When it comes to understanding financial advice and wealth-building strategies, reading textbooks doesn’t work for everyone. A refreshing option for those who seek guidance is The Baron Son by Vicky Therese Davis, William R. Patterson, and D. Marques Patton (Long & Silverman Publishing Inc.; $19.95). In developing this book, the authors shared the following philosophy: “The economic climate is in a slow state of recovery and the dynamics of deal making are no longer the same. The old tactics for maintaining earnings growth are not effective in this environment, and while everyone waits for the next billion-dollar scheme to come along, people are working harder and getting poorer. One must change the nature of one’s business and investment strategies to survive.”
The Baron Son is an allegorical tale intended to be a guide to achieving wealth, power, and success. It is written partly in the English of centuries ago, but if you can read and understand The Bible, you shouldn’t have any trouble following the legend of a young boy who loses everything but through his struggles, uncovers the secrets of becoming the richest, most powerful man in the world. By showing how this young man learns about entrepreneurship, serving customers, saving for the future, and establishing alliances, the authors have found a compelling way to demonstrate how wealth-building strategies apply to everyday living.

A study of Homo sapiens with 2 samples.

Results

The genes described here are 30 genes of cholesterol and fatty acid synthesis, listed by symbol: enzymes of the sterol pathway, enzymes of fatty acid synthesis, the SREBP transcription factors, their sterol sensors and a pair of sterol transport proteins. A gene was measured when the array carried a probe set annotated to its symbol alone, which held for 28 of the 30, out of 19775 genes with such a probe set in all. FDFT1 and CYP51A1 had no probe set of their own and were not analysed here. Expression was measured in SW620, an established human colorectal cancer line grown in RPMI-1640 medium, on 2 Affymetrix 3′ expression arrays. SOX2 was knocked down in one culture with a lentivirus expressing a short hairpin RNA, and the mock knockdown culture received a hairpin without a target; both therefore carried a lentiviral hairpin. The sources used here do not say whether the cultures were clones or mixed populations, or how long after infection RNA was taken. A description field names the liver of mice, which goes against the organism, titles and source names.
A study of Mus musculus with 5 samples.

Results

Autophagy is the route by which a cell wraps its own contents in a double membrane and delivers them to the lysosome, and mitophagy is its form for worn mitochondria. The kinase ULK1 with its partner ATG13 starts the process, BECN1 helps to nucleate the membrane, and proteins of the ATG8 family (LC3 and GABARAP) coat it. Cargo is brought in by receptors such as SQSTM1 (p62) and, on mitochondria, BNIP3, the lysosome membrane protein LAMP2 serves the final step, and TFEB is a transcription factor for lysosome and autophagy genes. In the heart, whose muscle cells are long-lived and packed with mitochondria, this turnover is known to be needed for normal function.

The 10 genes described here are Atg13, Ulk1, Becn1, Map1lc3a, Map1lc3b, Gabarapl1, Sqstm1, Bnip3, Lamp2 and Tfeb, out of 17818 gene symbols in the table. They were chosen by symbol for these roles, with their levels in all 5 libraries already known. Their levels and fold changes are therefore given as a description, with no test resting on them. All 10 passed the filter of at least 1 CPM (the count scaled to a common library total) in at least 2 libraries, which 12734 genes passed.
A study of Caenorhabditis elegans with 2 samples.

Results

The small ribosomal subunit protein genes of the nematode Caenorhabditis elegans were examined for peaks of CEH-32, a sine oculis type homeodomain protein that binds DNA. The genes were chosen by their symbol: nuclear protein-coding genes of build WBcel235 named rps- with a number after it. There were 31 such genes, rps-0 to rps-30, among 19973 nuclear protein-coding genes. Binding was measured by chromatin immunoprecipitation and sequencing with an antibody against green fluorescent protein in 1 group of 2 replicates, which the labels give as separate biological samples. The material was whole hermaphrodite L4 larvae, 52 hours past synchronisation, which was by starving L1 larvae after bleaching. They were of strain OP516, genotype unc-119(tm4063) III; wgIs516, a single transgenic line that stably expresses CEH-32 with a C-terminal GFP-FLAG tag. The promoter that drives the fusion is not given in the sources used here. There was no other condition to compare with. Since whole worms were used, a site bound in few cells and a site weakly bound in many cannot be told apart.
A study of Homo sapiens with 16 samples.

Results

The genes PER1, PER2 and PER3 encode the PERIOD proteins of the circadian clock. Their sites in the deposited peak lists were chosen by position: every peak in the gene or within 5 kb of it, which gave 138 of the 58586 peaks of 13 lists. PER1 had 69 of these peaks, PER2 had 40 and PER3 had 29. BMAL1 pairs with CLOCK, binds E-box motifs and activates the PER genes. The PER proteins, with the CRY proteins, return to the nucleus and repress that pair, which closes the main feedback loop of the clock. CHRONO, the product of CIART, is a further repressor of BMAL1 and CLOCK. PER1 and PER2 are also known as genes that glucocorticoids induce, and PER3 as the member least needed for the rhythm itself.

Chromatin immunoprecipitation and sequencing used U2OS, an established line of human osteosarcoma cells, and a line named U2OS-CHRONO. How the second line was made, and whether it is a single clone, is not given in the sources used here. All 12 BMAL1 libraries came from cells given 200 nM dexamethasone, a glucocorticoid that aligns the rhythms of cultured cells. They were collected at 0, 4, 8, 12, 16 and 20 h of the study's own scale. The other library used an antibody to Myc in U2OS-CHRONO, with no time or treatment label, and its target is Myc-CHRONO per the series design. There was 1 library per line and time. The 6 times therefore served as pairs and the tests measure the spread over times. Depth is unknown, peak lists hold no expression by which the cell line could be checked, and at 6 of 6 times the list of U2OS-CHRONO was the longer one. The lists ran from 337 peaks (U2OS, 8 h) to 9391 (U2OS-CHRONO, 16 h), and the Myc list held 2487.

Each chapter of the book is intended to teach a lesson, or “Supreme Principle,” that can provide solutions to difficult life situations and money management questions. The lessons that you will learn along the way include how to conquer your fears to overcome adversity; negotiate and sell effectively; increase productivity, income and cash flow; identify hidden opportunities as a result of failure; and leverage other people to help you create wealth. By showing how several characters’ choices garner both disastrous and favorable results, the book is simultaneously entertaining and inspirational. The book has proven so insightful that it has been endorsed by management guru Tom Peters and Bob Johnson, the billionaire entrepreneur and investor who launched BET and the charlotte Bobcats professional basketball franchise.
Why read a fictitious book to gain financial advice? In leafing through The Baron Son, you undoubtedly gain the perspectives and insights of its three authors, who have had their own ups and downs chasing business success. Davis runs her own jewelry company, Indulgence Jewelry Corp., and Patterson and Patton are partners in the Warcoffer Capital Group L.L.C., a financial holding company that invests in private firms and real estate ventures.
The lessons they deliver through the story of the Baron can be applied by would-be entrepreneurs as well as budding executives in corporate America. And because it is delivered in the form of fiction, it can be an effective way to get younger readers to begin thinking about their financial future. If nothing else, those who appreciate the whimsical wisdom that a fable delivers will find The Baron Son a very good read. Find out more at blackenterprise.com.